Stellantis Launching Hydrogen Small Vans In Europe This Year
7 April 2021 - motor1
They will be based on the existing electric vans from the automaker.
Hydrogen-powered cars are popular (that’s probably not the most accurate word here) only in certain areas around the globe. The lack of refueling stations is the main drawback but it seems that this can’t stop some manufacturers from investing money into hydrogen fuel cell vehicles. The latest to announce a major attempt in this direction is Stellantis.
The newly-formed multinational automaker has confirmed it will launch a family of hybrid hydrogen-powered small vans for the European continent. These will reportedly be sold under the Peugeot, Citroen, and Opel brands with first deliveries expected to happen as early as the year’s end.
Automotive News reports the vans should provide a range of about 250 miles (400 kilometers) and short fill-up times of about three minutes. You’ve probably noted that we used the term “hybrid hydrogen” and this is how Stellantis describes its new FCEV powertrain.
We don’t have all the tech details to share, but we know the system uses three 700-bar hydrogen tanks without compromising the cargo space. Automotive News reports “a small fuel cell stack powers an electric motor, which can be recharged by a version of the plug-in hybrid system” currently in use by a number of Stellantis brands. If the vehicle runs out of hydrogen, it can go about 31 miles (50 kilometers) on electric power thanks to a small battery located under the passenger compartment.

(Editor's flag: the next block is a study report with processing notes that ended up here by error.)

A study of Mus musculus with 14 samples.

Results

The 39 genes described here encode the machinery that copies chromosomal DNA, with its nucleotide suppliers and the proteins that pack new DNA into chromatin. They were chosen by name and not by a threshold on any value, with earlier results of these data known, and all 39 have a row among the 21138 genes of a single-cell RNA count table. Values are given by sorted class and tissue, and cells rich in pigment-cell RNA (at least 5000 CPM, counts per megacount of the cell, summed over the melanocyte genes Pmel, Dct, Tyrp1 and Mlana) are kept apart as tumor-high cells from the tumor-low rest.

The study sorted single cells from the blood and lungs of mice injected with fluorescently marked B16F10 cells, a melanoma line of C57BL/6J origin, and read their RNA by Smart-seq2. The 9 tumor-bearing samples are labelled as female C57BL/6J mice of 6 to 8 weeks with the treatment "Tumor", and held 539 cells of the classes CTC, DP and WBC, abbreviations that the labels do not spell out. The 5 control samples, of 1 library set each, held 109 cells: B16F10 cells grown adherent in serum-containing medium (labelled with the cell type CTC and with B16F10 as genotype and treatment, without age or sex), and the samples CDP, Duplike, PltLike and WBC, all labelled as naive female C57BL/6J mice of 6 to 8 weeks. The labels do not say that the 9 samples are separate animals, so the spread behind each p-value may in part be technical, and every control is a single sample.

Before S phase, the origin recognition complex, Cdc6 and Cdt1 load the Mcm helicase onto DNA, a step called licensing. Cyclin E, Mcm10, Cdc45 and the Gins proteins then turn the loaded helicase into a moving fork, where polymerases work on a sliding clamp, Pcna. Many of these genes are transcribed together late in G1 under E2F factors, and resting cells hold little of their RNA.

The hydrogen vans are based on the existing electric vans of the automaker, which reduces the R&D costs significantly. The new powertrain has been developed in Ruesselsheim, Germany, and could eventually be adopted for use in passenger cars.
"It's the best of both energies," Carla Gohin, senior vice president of research and innovation at Stellantis, commented to Automotive News. "We aim to build this through real customers, real business-to-business customers."
Stellantis has delivered 103,644 light-commercial vehicles in Europe through the first two months of this year.